US markets were lower on Friday morning after February’s jobs report showed signs of easing inflation.
Payrolls increased last month by 311,000 jobs, blowing past Wall Street’s expectations of 205,000 jobs added, but investors found hope in smaller-than-expected wage gains.
Slowing wage increases could be a sign of cooling inflation and may alleviate some pressure on the Federal Reserve to aggressively hike interest rates at its policy meeting later this month.
Traders are now pricing in a 50% chance that the Fed will raise interest rates by a hefty half point at its next meeting, down from nearly 80% on Wednesday.
Treasury yields, which typically move in the opposite direction of stocks, also dropped following the release of the jobs report.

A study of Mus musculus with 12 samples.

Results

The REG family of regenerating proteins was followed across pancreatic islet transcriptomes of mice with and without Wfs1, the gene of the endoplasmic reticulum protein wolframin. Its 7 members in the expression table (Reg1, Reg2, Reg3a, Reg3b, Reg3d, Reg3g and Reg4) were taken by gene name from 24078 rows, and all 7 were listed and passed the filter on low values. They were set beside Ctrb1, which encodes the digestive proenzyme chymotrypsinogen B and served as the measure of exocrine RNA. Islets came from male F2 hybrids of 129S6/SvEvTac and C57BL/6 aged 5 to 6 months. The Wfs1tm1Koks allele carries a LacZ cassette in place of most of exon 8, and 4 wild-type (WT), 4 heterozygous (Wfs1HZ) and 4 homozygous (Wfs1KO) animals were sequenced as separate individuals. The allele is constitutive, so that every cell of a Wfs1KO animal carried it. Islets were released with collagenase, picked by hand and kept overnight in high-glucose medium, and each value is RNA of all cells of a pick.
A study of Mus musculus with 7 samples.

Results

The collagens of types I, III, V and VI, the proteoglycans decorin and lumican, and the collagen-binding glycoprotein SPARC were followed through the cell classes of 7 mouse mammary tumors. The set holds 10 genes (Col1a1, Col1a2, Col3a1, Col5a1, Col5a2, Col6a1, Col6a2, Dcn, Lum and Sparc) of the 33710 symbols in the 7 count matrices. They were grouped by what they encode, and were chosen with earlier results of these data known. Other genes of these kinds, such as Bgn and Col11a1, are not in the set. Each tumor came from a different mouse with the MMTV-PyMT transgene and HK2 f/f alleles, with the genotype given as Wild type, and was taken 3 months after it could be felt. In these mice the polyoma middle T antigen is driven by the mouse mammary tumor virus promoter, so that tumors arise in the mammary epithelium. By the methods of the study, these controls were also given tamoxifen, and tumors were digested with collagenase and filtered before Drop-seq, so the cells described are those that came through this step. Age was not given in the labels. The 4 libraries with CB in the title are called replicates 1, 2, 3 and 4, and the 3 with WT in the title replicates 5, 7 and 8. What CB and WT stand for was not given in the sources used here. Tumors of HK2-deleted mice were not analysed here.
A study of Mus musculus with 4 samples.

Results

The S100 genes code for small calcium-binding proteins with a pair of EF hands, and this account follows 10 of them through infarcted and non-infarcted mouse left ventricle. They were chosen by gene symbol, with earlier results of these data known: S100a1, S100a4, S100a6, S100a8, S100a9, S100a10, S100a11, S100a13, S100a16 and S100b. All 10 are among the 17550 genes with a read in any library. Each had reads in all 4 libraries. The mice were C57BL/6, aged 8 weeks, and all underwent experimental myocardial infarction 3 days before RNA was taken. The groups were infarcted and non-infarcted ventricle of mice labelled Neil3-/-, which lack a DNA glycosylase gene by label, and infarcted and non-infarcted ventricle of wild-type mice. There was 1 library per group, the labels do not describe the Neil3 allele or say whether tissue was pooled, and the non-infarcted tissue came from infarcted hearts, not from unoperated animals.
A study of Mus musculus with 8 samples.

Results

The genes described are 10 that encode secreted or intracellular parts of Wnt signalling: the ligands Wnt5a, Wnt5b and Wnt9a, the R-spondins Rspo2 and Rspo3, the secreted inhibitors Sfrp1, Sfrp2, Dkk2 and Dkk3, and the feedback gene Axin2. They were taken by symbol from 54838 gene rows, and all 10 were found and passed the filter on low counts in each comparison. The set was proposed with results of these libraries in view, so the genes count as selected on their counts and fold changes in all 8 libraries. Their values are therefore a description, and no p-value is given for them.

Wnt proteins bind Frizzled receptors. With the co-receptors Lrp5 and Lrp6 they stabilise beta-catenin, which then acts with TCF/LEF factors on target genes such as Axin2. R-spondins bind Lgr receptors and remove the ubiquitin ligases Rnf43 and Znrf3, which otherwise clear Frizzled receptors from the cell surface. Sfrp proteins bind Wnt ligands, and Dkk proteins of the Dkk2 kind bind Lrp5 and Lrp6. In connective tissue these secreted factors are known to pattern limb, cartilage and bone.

Still, Wall Street was in panic mode after tech lender SVB Financial Group announced on Thursday that it needed to sell billions of dollars of assets to make its customers whole. Fear of a bank run sent shares of SVB plunging 60% on Thursday, trading was halted on Friday morning pending news.
That plunge spilled over into the rest of the banking industry as investors worried about larger risks in the sector.
US bank stocks logged the largest declines in nearly three years on Thursday, and continued to fall on Friday. Shares of JPMorgan Chase were down about 0.7% on Friday while shares of Citigroup fell by 1.5%. Wells Fargo was down 2.1% and Bank of America dropped by 3.9%.
The Dow was down 87 points, or 0.3%, on Friday morning.
The S&P 500 fell by 0.4%.
The Nasdaq Composite was 0.5% lower.